Millions of pounds are being spent on archaeological and geological surveys across the capital and they're coming up with some striking findings.

The archaeologists are currently working outside Liverpool Street Station.

Behind some metal hoardings - yards away from the 205 bus route - they've been digging trenches where Crossrail's ticket hall will be.

Here they've found a burial site close to the St Bethlehem hospital - which was the world's first and oldest institution to specialise in mental illnesses. I'm told it's where the word "bedlam" originates.

On the map here it's called "Bethlehem Church Yard"

There could be hundreds, if not thousands, of skeletons under the road. Slowly with trowels, the archaeologists are uncovering them.

We clearly saw three skeletons twisted and distorted after hundreds of years underground.

Here's a photo of our cameraman Ian Paice down the trench filming them.

The archaeologists think this is a significant site and will be able to tell us a lot about how people lived (and died).

Many of the artefacts will end up in the Museum of London - other bodies will be exhumed to another site.

What's particularly striking, I thought, was this is archaeology done in difficult and demanding circumstances on a busy road surrounded by buildings.

The archaeologists have traffic management problems as it sits in the middle of Liverpool Street. They also have to avoid many pipes and cables from the utility companies.

It's not easy archaeology and is miles away from the stuff you sometimes see on TV. This is known as commercial archaeology.

It is happening at 20 sites along the route and it has to be completed as part of the planning regulations.

Underneath the Astoria nightclub (RIP), they found an old Crosse & Blackwell vault - perfectly sealed with jars still on the shelves.

Here are morephotos of the discovery.

These sites, by law, all have to be checked to make sure there is nothing of archaeological importance that will be destroyed. Only then will the construction begin.

I was also allowed into a warehouse in Silvertown full of boxes of soil.

Over a thousand boreholes have been drilled along the Crossrail route and each "core" is being examined here.

This is the largest geological survey that's ever taken place in the capital. And it's mapping the fault-lines and different soil types under the ground.

They want to reduce ground movement and make the Crossrail tunnelling as risk-free as possible.

Which soil they find will influence which type of construction they'll use underground.

So the actual tunnelling in central London may be years away, but plenty of work is already being done to prepare the way.

Follow me on Twitter: @TomSEdwards

Comments

  • Comment number 1.

    At least this great work being done has not been 'troden on' in a cost saving exercise.

  • Comment number 2.

    Fascinating stuff! Any idea if the excavations around the Barbican/Farringdon have disturbed any plague pits?

  • Comment number 3.

    This is possibly the most depressing article I have ever read on the BBC website. Whilst I wholeheartedly support the raising in awareness of 'real' archaeology (Time Team most certainly does not count) and the legal obligations for developers and ramifications for cities etc, the appalling research, approach and tone that are evident in this article merely serve to perpetuate all of the negative connotations that archaeology suffers. Where does the author think that London-based archaeology tales place? There are an awful lot of roads in London, and thus an awful lot of sites in/on/by roads. The fact that professional commercial archaeologists suffer the lowest wages in relation to a job requiring the highest level of qualifications in the entire country is constantly overlooked, despite the fact that archaeological assessment of every such development site is a legal obligation. I would implore the BBC to look beyond the Time Team element of this very important culturally significant subject, and produce real reports on such 'digs'.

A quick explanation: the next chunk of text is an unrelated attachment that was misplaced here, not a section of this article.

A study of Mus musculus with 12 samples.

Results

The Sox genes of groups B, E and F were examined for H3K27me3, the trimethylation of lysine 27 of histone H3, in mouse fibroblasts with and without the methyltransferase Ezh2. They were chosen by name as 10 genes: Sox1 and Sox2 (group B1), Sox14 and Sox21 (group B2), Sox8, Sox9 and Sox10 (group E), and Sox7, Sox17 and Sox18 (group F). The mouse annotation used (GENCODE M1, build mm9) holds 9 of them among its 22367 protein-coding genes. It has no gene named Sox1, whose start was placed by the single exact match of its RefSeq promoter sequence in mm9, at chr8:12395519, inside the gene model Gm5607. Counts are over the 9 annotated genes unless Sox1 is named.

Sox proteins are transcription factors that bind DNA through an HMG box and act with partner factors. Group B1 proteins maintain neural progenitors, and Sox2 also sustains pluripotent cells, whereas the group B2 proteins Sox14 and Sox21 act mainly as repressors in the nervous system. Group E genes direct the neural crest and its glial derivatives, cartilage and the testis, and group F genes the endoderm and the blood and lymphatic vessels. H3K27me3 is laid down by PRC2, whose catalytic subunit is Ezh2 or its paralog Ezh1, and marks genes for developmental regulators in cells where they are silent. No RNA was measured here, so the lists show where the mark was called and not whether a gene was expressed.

• Comment number 4.

    "This is possibly the most depressing article I have ever read on the BBC website". Blimey. Not a big reader of the Been then Mal? Only had a quick scan this morning and found lots on serial killers, wars, rapes and climate change... But no, this is the most depressing article I've ever read on the BBC too.
    "The fact that professional commercial archaeologists suffer the lowest wages in relation to a job requiring the highest level of qualifications in the entire country is constantly overlooked, despite the fact that archaeological assessment of every such development site is a legal obligation". Ok, fair point, but what has that got to do with the story?

    Anyway... Excellent article. Love to see if the contents in those Crosse and Blackwell jars are still edible.

  • Comment number 5.

    Comment #3 @Mal...

    Where do I start!?

    This is a blog that looks at transport in the capital. It has never made any claim to be an authority on archaeology. For that kind of coverage I am sure there are plenty of specialist outlets.

    This specific post is a fascinating look at an aspect of the Crossrail project, which happens to involve archaeology. It is also the sort of story that will not generally be covered elsewhere in any great detail.

    Your ill-judged diatribe reflects poorly on yourself rather than the author of this blog.

  • Comment number 6.

    Imagine how confused our 23rd century deep excavation workers will be? All they will find is billions of tiny chicken bones left behind on their 21st century ancestors.